Messaging war on RFS heats up ahead of EPA public hearing

Source: Jason Plautz, E&E reporte • Posted: Thursday, December 5, 2013

Ahead of a U.S. EPA listening session tomorrow on the agency’s proposal to lower the federal targets for both corn-based ethanol and advanced biofuels next year, groups on both sides lined up to message on the proposal.

Dozens of industry, environmental, agriculture and economic policy groups are slated to weigh in at today’s public hearing in Crystal City, Va., where the agency will collect feedback on its proposed 2014 renewable fuel standard volume targets. Also scheduled to speak, according to a preliminary agenda, are Iowa Gov. Terry Branstad (R) and Reps. Bruce Braley (D-Iowa), Bob Goodlatte (R-Va.) and Peter Welch (D-Vt.).

In advance of the hearing, both sides doubled down on their positions on the EPA proposal, which marks the first time the agency would lower targets for corn ethanol and advanced biofuels. On a call with reporters, a diverse set of opponents to the biofuels mandate praised EPA’s decision to lower the targets, saying it would help combat rising food prices and shows that EPA believes the country has reached the “blend wall,” or the point where petroleum refiners say they are required to blend more ethanol into fuel than is feasible.

Joel Brandenberger, president of the National Turkey Federation and a longtime RFS opponent, said that the corn ethanol mandate has artificially spiked corn prices and made feed more expensive. “This should be a great time of year for our industry,” he said, “but we’re just now recovering from a yearlong slump.”

Scott Faber of the Environmental Working Group also joined the call, saying that EPA’s decision was a recognition that the policy “is badly broken.” He also cited previous EPA research finding that ethanol had done nothing to lower greenhouse gas emissions.

Charles Drevna, president of the American Fuel and Petrochemical Manufacturers, said the variety of groups on the call — which also included organizations representing chain restaurants, boaters and an international development organization — showed that different viewpoints all point “at the same direction — that this law is bad policy; it needs to be, if not repealed, severely amended.”

Separately, several conservative groups sent a letter to members of Congress, calling for a full repeal of the RFS in light of EPA’s proposal.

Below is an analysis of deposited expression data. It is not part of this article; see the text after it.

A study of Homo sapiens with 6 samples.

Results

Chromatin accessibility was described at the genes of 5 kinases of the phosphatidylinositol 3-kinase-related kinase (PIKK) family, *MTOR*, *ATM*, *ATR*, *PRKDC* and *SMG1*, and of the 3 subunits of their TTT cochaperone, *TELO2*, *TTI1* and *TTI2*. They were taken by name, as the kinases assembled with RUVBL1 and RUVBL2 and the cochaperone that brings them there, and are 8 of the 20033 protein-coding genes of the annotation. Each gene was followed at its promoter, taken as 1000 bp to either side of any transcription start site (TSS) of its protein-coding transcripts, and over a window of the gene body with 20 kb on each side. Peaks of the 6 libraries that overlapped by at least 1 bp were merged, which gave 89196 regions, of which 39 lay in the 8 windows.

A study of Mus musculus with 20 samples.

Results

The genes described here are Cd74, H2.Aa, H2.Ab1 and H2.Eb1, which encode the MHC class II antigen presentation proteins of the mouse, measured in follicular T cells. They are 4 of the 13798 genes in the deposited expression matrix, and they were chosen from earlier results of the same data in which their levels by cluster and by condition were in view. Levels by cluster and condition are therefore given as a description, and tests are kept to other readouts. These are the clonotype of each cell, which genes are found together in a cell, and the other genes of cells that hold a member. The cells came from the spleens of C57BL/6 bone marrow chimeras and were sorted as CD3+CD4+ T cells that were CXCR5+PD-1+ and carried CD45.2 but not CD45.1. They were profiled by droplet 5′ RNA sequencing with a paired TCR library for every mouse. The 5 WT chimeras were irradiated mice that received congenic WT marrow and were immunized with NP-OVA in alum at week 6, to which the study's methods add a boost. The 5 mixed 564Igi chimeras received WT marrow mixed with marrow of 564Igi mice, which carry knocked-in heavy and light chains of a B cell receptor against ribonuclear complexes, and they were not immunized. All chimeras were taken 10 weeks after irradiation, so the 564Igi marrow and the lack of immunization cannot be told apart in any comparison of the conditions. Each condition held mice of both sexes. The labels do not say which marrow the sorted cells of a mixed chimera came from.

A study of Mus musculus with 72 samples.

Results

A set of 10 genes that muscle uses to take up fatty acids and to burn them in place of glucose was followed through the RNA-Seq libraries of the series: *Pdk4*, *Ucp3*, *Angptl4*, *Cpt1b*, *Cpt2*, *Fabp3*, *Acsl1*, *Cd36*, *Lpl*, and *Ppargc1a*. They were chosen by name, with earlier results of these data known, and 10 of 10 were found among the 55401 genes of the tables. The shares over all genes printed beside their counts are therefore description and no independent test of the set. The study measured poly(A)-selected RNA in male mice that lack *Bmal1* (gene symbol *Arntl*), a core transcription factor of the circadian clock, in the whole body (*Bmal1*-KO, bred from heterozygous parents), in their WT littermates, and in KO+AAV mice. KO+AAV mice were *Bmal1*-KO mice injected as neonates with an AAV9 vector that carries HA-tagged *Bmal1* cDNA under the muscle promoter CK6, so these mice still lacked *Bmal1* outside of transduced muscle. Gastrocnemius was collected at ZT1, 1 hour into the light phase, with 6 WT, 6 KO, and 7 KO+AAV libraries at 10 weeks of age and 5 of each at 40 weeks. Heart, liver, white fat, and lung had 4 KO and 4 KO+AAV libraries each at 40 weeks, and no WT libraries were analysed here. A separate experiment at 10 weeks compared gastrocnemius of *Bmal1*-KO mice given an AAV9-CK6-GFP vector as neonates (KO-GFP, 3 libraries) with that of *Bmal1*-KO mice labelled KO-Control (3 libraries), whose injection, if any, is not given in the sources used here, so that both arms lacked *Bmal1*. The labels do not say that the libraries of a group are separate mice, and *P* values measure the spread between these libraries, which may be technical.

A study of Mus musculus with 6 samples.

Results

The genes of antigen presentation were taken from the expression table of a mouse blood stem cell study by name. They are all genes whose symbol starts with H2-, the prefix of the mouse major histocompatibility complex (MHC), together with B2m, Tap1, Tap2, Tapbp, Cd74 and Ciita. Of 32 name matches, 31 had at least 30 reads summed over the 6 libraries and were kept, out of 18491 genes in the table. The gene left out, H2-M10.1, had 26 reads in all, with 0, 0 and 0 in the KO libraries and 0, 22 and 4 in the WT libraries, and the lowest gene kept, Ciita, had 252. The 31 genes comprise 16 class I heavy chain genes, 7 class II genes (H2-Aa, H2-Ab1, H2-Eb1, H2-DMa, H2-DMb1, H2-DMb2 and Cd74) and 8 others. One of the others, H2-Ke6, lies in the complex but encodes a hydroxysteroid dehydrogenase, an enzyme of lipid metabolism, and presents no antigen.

“We believe this reduction once again shows how government mandates are harmful for businesses and ultimately, consumers,” the letter said. “Repealing this mandate would bring certainty to the fuel markets and eliminate the harmful impacts this government program has had on businesses and consumers.”

The letter was signed by 25 groups, including Americans for Tax Reform, the Heartland Institute and Americans for Prosperity.

EPA’s proposal would require refiners to blend 15.21 billion gallons of renewable fuels into petroleum-based gasoline and diesel next year, a reduction of 2.94 billion gallons from the level set in the 2007 Energy Independence and Security Act. Of the target this year, 13.01 billion gallons is to come from conventional ethanol and 2.2 billion gallons from advanced biofuels that do not use cornstarch as an input.

Also weighing in this morning in opposition to EPA’s proposal were several biofuels groups. The Advanced Biofuels Association in a press call this morning said the lowered targets would hamper the growing advanced biofuel industry and could harm future investment.

And the National Biodiesel Board said that EPA’s moves would cause layoffs and plant closures across the country. Anne Steckel, NBB’s vice president of federal affairs, said in a statement that the biodiesel industry was an “RFS success story that is creating the clean-energy jobs that the Obama administration has pushed so hard for in recent years.”

“This industry has been running at an annualized rate of about 2 billion gallons since July. That’s displacing 2 billion gallons of petroleum diesel,” Steckel said. “You can’t cut it almost in half and expect jobs and businesses to survive.”